We all know the story of the Lorax – that witty and word-twisting story from Theodor Seuss Geisel that has taught generations of soon-to-be tree huggers about the consequences of wiping out whole species. I have always enjoyed this story – in fact, it’s right up there with “The Giving Tree” as one of my top favorite American stories of all time.
Recently, I discovered a story written by a member of the hardwood flooring industry called “The Truax”.
Apparently, “The Lorax” has been banned from many libraries and schools in communities where logging is the primary source of income. “The Truax” was written in rebuttal to our beloved Suess story.
Now, I do admit to being a tree hugger. And why not? I absolutely LOVE trees and everyone needs a hug once in awhile. Although some industries do infuriate me with their environmentally un-sound actions, I never find the motivation to chain myself to a tree while hoping to not get pepper-sprayed. I believe this world is big enough for everybody and everyone has their side to the story. I read “The Truax” and, frankly, I kinda liked it. How truthful it really is to say how logging companies steward the land is up for debate, but it does teach the younger generations that there can be a way for tree-huggers and tree-loggers to live in peace.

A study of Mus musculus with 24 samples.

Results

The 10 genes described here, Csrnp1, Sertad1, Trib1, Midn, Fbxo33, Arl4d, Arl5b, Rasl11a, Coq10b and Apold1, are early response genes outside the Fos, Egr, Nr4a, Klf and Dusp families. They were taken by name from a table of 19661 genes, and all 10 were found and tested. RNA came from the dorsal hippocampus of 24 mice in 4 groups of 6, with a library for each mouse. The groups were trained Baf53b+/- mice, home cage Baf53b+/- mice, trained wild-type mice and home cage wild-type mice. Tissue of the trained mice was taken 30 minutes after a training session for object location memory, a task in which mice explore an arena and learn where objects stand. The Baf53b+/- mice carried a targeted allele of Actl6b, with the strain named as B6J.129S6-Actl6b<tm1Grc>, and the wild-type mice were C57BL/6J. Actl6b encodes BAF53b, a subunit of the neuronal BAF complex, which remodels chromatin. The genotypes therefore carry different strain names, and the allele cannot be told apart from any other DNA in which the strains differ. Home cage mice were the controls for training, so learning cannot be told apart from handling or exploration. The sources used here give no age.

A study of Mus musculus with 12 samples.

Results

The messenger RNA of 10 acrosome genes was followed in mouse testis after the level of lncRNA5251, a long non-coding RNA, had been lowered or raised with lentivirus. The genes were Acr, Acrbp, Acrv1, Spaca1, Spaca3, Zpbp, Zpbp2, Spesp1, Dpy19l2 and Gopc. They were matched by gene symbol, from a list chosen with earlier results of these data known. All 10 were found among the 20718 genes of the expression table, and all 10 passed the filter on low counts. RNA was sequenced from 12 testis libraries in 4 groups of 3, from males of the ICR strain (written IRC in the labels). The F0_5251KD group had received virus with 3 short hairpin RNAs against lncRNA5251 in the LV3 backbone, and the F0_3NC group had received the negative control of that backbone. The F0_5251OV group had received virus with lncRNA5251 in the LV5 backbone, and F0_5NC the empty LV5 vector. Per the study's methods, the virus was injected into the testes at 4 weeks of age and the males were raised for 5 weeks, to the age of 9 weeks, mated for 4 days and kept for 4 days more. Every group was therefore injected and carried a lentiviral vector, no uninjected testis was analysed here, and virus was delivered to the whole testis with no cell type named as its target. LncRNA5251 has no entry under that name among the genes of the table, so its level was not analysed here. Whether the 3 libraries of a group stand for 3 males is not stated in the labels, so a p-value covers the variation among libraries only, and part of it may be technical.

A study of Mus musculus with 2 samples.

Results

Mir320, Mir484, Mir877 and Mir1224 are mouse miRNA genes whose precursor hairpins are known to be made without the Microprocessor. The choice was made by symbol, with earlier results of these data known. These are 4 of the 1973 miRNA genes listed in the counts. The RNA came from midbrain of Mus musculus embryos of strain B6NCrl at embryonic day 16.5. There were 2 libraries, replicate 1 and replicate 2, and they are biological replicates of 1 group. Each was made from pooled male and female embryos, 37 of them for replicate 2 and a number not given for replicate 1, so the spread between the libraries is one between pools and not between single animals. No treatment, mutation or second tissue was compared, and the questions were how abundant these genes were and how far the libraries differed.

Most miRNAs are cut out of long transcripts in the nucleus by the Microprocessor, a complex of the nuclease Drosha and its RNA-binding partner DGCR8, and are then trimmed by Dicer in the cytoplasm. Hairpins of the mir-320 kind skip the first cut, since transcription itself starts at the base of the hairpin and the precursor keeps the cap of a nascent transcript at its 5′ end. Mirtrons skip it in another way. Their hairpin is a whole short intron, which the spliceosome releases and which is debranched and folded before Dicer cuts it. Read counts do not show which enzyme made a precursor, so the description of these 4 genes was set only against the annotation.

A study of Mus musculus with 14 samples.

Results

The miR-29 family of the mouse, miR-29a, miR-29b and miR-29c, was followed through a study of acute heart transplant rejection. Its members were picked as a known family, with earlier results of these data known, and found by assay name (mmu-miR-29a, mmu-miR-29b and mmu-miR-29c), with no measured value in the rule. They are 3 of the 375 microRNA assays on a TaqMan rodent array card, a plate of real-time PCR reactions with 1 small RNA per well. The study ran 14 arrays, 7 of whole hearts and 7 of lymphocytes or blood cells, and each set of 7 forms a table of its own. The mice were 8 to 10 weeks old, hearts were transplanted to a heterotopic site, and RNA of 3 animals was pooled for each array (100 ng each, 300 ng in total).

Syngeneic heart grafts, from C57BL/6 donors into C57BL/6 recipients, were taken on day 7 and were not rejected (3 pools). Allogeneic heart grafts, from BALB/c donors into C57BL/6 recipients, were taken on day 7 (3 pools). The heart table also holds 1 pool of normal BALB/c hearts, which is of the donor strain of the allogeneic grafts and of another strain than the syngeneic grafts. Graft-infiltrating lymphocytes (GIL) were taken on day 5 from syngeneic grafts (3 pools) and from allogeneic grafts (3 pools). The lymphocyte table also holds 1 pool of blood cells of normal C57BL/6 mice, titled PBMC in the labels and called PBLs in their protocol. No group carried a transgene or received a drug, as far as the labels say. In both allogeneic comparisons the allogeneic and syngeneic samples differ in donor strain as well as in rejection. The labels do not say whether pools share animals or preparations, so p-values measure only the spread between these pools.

It also reminds us adults of the same thing. We all know there is room for improvement and companies need to be more responsible in their practices. However, digging our heels in and refusing to agree to disagree gets us nowhere fast.
So, here is a link to that story, written by Terri Birkett. Read with an open mind and enjoy….
Marie Stadther’s life in Coachella Valley was void of trees. In 2001, she packed up and headed north. After a drive through the majestic redwoods, she arrived in Redding, where she immersed herself in horticulture as owner of her own landscaping company and as assistant to an arborist. She is now the lead gardener for Turtle Bay’s McConnell Arboretum and Botanical Gardens. Her love of trees is a way of life, and she shares that passion with the community. Send the Tree Goddess your questions at email@example.com.